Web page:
Rapture Fiction and the Evangelical Crisis

You might be surprised to see CEP reviewing a book on fiction, let alone a book on the rapture, but we find ourselves in a situation where many of our people are reading this fictional series by Jerry Jenkins and Tim LaHaye. There is a hunger in the church for information about the Second Coming of Jesus, and they are going to whatever sources that are providing it, even if it is not accurate. Gribben has written a book that is very helpful in dealing with the content of what is in the current fictional series, both for the professional as well as they person reading these works. This book is not an attack on dispensationalism. Instead, it deals with the three main flaws in how the books cover conversion, the church, and the Christian life. Since 1995, this series (and others) has sold over 60 million copies, and has produced movies/DVDs as well.

One reason this book should be read in the PCA is that Gribben gives a good background to the whole dispensational position and how it has evolved over almost 200 years.

The chapter I really enjoyed was what he called “The Origin of Rapture Fiction.” I did not know that such works have been around since the early 20th century. Gribben goes into detail how each era these works reflected the political situation, finding a different “antichrist” and “mark of the beast” in the current day.

Gribben gives many examples of how the books give a very watered down presentation of the Gospel in the ways people are brought to “conversion.” The importance of the church is greatly distorted in that many pastors are “left behind” only to discover too late that they never really understood the Gospel until now (true in many churches, but not in all as implied). People who come to conversion during this period find they fellowship with other “tribulation saints” rather than with a church. “Rapture fictions underplay the significance of the church, its continuing status as the Body of Christ, and the importance of its means of grace, both in the ‘church age’ and in the tribulation.” (86) This distorted ecclesiology is evident from the poor understanding of the Christian life. These novels celebrate the individual as individuals instead of seeing every convert as part of the Body of Christ. The books celebrate the wisdom of men rather than the Scripture. The novels stake their reputation and credibility of Scripture on the accuracy of the authors’ predictions. “This is a gross manipulation of truth.” (93)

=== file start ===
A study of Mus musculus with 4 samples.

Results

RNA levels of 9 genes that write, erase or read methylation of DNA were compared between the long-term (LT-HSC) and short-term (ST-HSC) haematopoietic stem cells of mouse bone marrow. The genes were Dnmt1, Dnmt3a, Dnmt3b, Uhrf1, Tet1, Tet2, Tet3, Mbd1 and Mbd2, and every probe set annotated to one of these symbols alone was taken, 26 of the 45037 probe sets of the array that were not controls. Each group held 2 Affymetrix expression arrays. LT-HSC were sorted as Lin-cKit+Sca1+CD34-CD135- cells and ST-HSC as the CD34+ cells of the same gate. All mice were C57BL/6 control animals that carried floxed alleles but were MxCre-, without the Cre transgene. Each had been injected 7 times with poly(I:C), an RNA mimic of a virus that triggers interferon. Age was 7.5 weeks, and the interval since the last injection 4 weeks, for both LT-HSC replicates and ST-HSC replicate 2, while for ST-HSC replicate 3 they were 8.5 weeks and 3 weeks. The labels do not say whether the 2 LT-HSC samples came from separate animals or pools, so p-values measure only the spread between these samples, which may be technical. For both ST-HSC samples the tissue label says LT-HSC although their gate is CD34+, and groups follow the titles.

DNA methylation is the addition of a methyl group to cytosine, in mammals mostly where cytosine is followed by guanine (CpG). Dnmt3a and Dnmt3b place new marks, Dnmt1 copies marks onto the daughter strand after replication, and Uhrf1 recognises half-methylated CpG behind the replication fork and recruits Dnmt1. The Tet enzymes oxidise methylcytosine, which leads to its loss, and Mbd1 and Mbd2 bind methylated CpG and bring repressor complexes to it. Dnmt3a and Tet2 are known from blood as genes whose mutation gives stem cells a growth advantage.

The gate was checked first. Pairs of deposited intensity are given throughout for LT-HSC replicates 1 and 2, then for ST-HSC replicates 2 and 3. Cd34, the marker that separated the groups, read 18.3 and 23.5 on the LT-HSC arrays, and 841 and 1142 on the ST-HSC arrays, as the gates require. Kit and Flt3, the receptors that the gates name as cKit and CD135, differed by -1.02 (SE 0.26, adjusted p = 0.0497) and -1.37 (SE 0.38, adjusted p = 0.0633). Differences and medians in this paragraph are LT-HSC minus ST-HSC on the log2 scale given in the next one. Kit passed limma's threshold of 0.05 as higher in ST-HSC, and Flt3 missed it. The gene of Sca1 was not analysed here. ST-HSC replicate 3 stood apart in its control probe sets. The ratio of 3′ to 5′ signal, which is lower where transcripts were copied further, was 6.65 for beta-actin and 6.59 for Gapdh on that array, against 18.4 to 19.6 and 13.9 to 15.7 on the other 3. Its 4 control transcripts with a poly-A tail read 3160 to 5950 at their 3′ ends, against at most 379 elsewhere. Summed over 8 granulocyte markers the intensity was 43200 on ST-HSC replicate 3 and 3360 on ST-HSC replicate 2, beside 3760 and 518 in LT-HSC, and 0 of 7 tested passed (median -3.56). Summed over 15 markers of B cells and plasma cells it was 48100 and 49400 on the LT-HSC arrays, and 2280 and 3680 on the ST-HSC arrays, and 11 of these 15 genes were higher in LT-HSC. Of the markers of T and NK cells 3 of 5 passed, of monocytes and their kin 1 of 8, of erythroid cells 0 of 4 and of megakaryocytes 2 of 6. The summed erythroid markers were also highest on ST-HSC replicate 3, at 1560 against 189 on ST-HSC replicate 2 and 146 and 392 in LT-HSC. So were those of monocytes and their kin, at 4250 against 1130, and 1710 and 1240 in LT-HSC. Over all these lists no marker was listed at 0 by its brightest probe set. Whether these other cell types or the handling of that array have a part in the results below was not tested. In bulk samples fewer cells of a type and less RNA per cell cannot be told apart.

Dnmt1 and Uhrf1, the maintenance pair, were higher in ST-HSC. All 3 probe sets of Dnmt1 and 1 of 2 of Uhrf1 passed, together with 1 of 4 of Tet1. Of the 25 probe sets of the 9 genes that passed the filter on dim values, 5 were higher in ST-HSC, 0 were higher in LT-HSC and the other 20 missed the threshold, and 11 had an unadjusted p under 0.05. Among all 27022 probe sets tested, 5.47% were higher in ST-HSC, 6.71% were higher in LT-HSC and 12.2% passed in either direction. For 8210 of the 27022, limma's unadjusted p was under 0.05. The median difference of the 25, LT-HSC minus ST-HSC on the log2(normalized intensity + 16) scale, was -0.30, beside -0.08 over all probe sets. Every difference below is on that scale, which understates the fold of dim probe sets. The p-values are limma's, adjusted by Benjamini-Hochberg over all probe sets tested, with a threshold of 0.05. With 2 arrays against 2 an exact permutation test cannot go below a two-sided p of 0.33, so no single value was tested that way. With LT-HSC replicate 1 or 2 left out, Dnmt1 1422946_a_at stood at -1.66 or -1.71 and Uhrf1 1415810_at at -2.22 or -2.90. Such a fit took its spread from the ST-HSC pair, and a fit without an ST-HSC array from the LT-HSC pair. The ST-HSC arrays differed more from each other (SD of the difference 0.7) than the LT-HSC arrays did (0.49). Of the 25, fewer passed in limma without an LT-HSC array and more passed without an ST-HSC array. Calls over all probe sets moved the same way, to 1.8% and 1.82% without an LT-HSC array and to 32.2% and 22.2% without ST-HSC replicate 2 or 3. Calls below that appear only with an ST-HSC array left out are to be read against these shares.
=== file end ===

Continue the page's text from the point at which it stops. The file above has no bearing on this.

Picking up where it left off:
“If this modern evangelicalism has lost sight of the contents of the gospel, is unsure about the purpose of the church, has no appreciation of the significance of the sacraments, can imagine a life of faith without God’s law or suffering under Christ’s cross, it is an evangelicalism unworthy of the name. More seriously, it is an evangelicalism unworthy of the Savior. That is the tragedy of Left Behind – and the devastating consequence of the wider evangelical crisis.” (108-109)

What is clear is that Christians are reading these books en mass. It is hard enough to read historical fiction and be able to discern what is historical and what is fiction. It is even harder for believers to read Rapture Fiction and be able to discern truth from fiction.

The Church of Jesus Christ has a great future to look forward to in the New Heaven and New Earth, yet so little time seems to be spent teaching about this future. What is evident from the sales of these books is that people are hungry to know what lies ahead, and knowing what lies ahead should lead us to living life now under the authority of our Lord. We need to be teaching our people to discern truth from error/fiction. Here is an area of great need and concern. This book can help.

Charles Dunahoo pastored churches in Georgia and Alabama before being called to his present position as Coordinator for the PCA of Christian Education and Publications (CEP).